People in Pennsylvania who are working on an estate plan may find that a living revocable trust is a useful document to have. A living revocable trust can add additional FDIC protection and can provide greater privacy than a publicly probated will. The details of a trust only become publicly available if someone challenges the document leading to litigation.
Some assets, including bank accounts and retirement accounts, do not go in a trust, but they can name the trust as beneficiary. This may be useful in some circumstances such as if there are minor children.
A trust should not be considered a replacement for a will. Assets that are not in the trust can be placed in a pour-over will. Trusts may be less expensive than wills if a professional is appointed as executor for a will.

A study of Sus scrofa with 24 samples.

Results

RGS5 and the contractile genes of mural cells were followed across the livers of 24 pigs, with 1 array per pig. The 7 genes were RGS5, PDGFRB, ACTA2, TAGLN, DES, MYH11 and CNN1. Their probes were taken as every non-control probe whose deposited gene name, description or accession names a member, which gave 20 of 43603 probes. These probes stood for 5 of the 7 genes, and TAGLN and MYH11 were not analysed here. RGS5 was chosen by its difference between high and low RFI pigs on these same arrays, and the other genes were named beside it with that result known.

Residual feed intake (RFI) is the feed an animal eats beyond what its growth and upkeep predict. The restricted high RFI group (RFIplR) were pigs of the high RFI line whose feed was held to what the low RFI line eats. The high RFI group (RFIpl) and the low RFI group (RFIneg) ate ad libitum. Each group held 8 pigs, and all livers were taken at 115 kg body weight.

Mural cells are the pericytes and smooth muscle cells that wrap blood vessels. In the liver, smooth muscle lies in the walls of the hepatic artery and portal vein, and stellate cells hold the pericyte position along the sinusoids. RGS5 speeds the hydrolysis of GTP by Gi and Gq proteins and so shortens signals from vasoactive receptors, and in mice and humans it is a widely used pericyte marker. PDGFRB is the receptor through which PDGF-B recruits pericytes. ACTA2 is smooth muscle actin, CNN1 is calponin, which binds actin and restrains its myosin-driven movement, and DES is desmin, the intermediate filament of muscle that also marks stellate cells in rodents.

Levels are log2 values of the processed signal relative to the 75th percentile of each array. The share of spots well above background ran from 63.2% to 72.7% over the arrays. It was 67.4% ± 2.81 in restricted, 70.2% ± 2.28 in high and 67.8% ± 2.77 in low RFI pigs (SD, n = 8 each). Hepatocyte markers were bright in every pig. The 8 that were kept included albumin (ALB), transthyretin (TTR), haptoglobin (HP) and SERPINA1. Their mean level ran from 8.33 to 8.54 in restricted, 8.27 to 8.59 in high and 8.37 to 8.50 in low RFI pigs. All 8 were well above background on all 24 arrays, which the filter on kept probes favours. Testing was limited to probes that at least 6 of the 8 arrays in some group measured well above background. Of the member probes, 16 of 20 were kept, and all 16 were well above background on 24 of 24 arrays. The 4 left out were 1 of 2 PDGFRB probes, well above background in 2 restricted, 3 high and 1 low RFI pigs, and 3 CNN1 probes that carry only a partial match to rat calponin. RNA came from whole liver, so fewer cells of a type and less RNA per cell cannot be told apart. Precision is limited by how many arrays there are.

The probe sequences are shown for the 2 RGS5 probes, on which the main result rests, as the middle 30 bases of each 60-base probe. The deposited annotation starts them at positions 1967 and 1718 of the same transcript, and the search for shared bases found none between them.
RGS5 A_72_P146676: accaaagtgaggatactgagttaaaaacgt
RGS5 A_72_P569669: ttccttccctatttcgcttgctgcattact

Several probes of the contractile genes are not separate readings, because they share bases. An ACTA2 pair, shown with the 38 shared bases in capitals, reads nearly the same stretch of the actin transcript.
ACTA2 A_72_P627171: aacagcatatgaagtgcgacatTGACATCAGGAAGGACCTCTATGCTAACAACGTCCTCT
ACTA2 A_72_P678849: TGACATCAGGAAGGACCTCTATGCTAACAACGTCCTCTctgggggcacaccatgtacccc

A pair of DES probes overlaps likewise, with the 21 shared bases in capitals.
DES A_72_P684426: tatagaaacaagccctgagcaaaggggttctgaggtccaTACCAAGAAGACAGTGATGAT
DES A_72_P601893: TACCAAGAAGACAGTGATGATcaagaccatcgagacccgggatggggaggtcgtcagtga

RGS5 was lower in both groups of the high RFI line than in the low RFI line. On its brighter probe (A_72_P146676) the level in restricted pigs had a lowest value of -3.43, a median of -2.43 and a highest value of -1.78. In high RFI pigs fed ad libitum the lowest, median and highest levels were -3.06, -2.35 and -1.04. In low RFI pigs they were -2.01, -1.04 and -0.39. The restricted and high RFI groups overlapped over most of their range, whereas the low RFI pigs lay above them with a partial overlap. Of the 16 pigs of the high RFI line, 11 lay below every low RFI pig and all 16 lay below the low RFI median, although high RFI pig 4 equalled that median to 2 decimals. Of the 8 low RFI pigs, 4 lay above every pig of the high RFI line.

Living revocable trusts are one of many options that may fit a person's needs for an estate plan. An attorney may be able to discuss these options as well as assist in setting up a power of attorney and a living will and help with making choices that maximize the amount beneficiaries inherit. The former covers financial matters and the latter end-of-life care for an individual who is incapacitated. Estate plans can be set up to name guardians for minor children, to manage assets for an adult who cannot do so or to preserve family wealth. They should be reassessed periodically to account for changes in laws, family and assets. For example, events such as births, marriages or divorces or changes such as purchasing real estate may require an amendment to an estate plan.